Avoiding Liability Bulletin – January 2016
Any certifications, credentials, and your license as a registered nurse and/or an advanced practice nurse that you possess must be kept current. In one unfortunate situation, a nurse practitioner failed to maintain the license she had been provisionally issued which was discovered after a patient she treated died.1
A female patient felt ill and her husband took her to a clinic for treatment. She was seen by a nurse who was an employee of the clinic. After assessing the patient, the nurse determined that the patient had an ear infection. The nurse prescribed antibiotics and sent the patient home.
The next morning, the patient suffered a heart attack and died. Her husband filed a wrongful death case against the nurse, claiming she was negligent in treating his late wife. He also named the clinic in the case, alleging that it was also responsible for his wife’s death and that the clinic was negligent because it failed to ensure the nurse was properly credentialed.2
The husband prevailed on several motions at the trial court level and the clinic appealed those decisions. Specifically, the clinic appealed the grant of a partial summary judgment to the husband on his negligent credentialing claim and appealed the court’s denial of its motion for summary judgment on a battery claim alleged by the husband.
The appellate court affirmed the grant of partial summary judgment to the husband and reversed the denial of the battery claim. In doing so, the appellate court spelled out its reasoning based on the facts of the case.
The nurse obtained an A.D. in nursing, passed the NCLEX-RN in 1986, obtained a B.S.N. in 1995 and an M.S.N. in 1997. The Georgia Board of Nursing granted her a provisional license as a certified nurse practitioner and verified her eligibility to sit for the American Nurse Credentialing Center’s (ACCN) certification exam. The nurse was told that the provisional license would expire if she failed the certification exam, which she took on October 4, 1997. She failed the exam and the provisional license expired.3
The nurse subsequently took and passed the family nurse practitioner certification exam of the American Academy of Nurse Practitioners. This certification was effective from December 1, 1997 to November 30, 2002. In addition, she was also certified as a family nurse practitioner, effective December 1, 1998 until November 30, 2003.
However, when she treated the late patient on November 29, 1999, she did not have a license to practice as a nurse practitioner. The board never issued her such a license, either provisionally or otherwise. The nurse incorrectly thought that once she passed the required examinations, those results would be sent to the nursing board and she would become licensed as a nurse practitioner.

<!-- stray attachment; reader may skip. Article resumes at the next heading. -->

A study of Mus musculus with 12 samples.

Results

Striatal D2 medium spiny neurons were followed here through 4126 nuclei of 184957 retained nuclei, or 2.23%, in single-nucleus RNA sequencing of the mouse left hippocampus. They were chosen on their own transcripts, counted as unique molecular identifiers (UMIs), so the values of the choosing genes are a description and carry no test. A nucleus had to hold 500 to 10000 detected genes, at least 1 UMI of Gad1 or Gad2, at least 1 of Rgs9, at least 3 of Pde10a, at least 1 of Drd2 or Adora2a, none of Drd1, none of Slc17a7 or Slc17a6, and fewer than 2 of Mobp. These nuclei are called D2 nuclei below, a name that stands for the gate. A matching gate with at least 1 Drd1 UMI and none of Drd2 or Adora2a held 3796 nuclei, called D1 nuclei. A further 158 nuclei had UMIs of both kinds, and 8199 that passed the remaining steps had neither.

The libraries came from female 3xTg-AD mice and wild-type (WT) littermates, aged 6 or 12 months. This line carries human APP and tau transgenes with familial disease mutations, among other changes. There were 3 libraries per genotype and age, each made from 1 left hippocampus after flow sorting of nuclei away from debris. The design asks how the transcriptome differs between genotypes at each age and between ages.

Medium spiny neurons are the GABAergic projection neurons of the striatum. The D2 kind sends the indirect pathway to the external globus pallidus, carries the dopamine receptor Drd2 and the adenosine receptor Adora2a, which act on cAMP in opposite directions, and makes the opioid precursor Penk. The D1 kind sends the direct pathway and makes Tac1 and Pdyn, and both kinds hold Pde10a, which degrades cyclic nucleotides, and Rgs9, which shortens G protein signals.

The court opined that the clinic’s argument that the partial summary judgment decision of the trial court should be overturned since it could not be found liable on the negligent credentialing claim by the husband was not correct. The appellate court upheld the trial court’s decision and clearly spelled out the law governing this claim.
In support of its decision, the appellate court also enumerated the clinic’s admissions entered against it in the lower court. They included: (1) that on November 29, 1999, the nurse was not authorized by the Georgia Board of Nursing to practice as a nurse practitioner; (2) the nurse never informed the deceased that she was not authorized to practice as a nurse practitioner; (3) the clinic had a clear duty to the public to provide health care providers who are properly licensed and credentialed; and (4) the clinic did not provide the deceased patient with a cardiac evaluation performed by a nurse practitioner, physician’s assistant or medical doctor duly licensed before being discharged home.
As to the clinic’s battery allegations, the appellate court again carefully analyzed the facts of the case and it applicable law. Informed consent, it opined, is necessary before medical treatment can occur. If informed consent is given it is presumed to be valid consent unless fraudulent misrepresentation occurred in obtaining the consent. If no informed consent was obtained, a claim for battery is possible.
The nurse in this case was not aware that she was not properly licensed as a nurse practitioner nor did she represent to the late patient that she was. There was no evidence that the patient asked the nurse what her credentials were. Therefore, the denial of the clinic’s motion that no battery took place when the nurse treated the patient was an error and therefore reversed the trial court’s decision as to that motion.
It is important to note that the appellate court ruled that there was no issue as to the nurse’s competency. She had several degrees and was certified by appropriate certification organizations. The only issue was whether or not she was licensed as a nurse practitioner.
In 2001, the nurse was granted, pursuant to a Consent Order with the Georgia Board of Nursing, a license as an advanced practice nurse. For her unauthorized practice as a nurse practitioner, she received a reprimand and was fined $1000.00 by the Board. That license is currently active according to Board records.
This case strongly underscores the importance of ensuring that your license and any credentials are current. The responsibility for current licensure and credentialing rests solely with you as the nurse licensee.
1. Wellstar Health Systems, Inc. v. Green, 572 S.E. 2d 731 (Ga Ct. App. 2002).
3. Id., at 732.
THIS BULLETIN IS FOR EDUCATIONAL PURPOSES ONLY AND IS NOT TO BE TAKEN AS SPECIFIC LEGAL OR OTHER ADVICE BY THE READER. IF LEGAL OR OTHER ADVICE IS NEEDED, THE READER IS ENCOURAGED TO SEEK ADVICE FROM A COMPETENT PROFESSIONAL.